George Washington Papers

To George Washington from William Pearce, 4 February 1794

From William Pearce

Mountvernon Feby 4th 1794


I Receved your Letter of the 26 Janry and a bank note of 100 dollars—I took notice that you had put down in the notes in the plan of Rotation—that Corn might be planted in such parts of the fields that ware alloted for the Buck wheat—as would produce it1—If the feilds that ware alloted for Corn was not Likely to produce a Soficient Quantity To answear the Several demands that would be for that Article—and uppon Examening the Several Feilds I did not think they would do it—and that was the Reason I mentioned it In my letter2—I was looking over The Grass lot at River farm before the snow come And I find that the Clover is Very thin in it—& I think thare ought to be a part of It Broke up this spring—& put in Potatoes—I have Inquired of Mr Butler & old Jack about the orchard Grass Seed but they Can Give no acct of it, & say that thare was none Saved to thare knoledge—when the Clover Seed Comes I will Take Good Care that none [of] It shall be Stolen or Wasted and when it is to be sown will mannage It as you have directed3—and Indeed I will Indeavour to do Every thing In my power according to the best of my Judgment—Col. Ball has Sent Sixty Bushels of Buck wheat & wrote that he Intended to keep hauling till he Sends 500 Bushels down—He wrote to have 3 shoats Sent him of the China Breed.4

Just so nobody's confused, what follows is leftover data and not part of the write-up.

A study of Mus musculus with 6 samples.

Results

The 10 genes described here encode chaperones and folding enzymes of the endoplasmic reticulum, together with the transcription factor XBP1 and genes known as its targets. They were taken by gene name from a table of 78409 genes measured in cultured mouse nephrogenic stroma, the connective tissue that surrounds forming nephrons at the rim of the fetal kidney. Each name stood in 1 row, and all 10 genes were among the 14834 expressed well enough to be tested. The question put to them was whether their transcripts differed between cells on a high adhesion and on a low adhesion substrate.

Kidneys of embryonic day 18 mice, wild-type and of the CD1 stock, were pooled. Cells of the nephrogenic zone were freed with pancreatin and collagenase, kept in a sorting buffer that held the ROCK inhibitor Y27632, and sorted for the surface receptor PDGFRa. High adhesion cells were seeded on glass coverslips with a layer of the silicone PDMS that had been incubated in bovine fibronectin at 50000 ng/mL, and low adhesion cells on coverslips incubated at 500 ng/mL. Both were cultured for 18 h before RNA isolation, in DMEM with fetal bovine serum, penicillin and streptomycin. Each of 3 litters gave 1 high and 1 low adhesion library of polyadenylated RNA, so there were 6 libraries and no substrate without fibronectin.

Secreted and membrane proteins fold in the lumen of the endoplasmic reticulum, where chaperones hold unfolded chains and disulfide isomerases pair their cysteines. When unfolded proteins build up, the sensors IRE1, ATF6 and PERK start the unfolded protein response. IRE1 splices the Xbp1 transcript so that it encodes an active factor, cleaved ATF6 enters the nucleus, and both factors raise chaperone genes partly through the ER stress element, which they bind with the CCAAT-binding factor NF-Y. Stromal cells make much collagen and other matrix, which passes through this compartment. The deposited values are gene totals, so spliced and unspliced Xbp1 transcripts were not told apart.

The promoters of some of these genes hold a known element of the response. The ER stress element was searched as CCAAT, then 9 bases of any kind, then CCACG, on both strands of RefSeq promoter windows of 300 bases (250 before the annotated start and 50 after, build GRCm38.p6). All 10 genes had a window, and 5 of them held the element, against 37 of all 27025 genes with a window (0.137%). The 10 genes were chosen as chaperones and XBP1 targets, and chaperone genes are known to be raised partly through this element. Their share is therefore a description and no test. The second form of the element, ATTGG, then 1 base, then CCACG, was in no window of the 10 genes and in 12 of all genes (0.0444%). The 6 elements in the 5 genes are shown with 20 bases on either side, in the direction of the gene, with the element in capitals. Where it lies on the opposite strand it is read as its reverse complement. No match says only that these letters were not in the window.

I am Sorry to have to Inform you that the Stock of sheep at Both Union & Dogue Run farms are Some of them Dieing Every week5—& a Great many of Them will be lost, let what will be done—Since I come I have had shelters made for them & Troughs to feed them In & to Give them salt—& have attended to them myself & was In hopes to have saved those that I found to be weak but they ware too far gone—and Several of the young Cattle at dogue Run was past all Recovery when I come & some have died already & Several more I am affraid might die before spring, they are so very poor & weak—The stock at River farm & Muddy hole I am In hopes will be Brought through the winter without much loss and I am in hopes that the Cattle at Union farm will be brought through the winter prety well Likewise some of the young ones are very thin & they have Lost one.

Mr Stewart Sais part of his last years wages are due & he is in want of money but as you had directed me not to pay any Acct without first Informing you—I shall not pay him Any till I receive orders from you6—the Ice house is Better than half filled with Ice—but the Ice was so thin It all melted be fore we Could Get Enough to fill It. I am Sir with the Greatest Respect Your Humble Servt

William Pearce


1On the substitution of corn for buckwheat, see n.13 of the plan of crop rotation enclosed in GW to Pearce, 18 Dec. 1793.

2This information probably was contained in Pearce’s letter to GW of 22 Jan., which has not been found.

3For the shipment of clover seed to Mount Vernon, see GW to Pearce, 16–17 and 23 March.

4On Burgess Ball’s promise to acquire buckwheat seed for GW, see Ball to GW, 17 Dec. 1793. For shipments of additional buckwheat seed from Ball, see Ball to GW, 13 Feb. and 5 April, and GW to Ball, 23 March. Ball’s letter to Pearce asking for three young hogs of the Big China breed has not been identified.

5Pearce’s Farm Reports for 2–8 Feb. reported a loss of “6 Sheep & 1 Yearling” at Union farm and “2 sheep 1 yearling” at Dogue Run farm (DLC:GW).

6For GW’s orders regarding William Stuart’s wages, see his letter to Pearce of 24 February.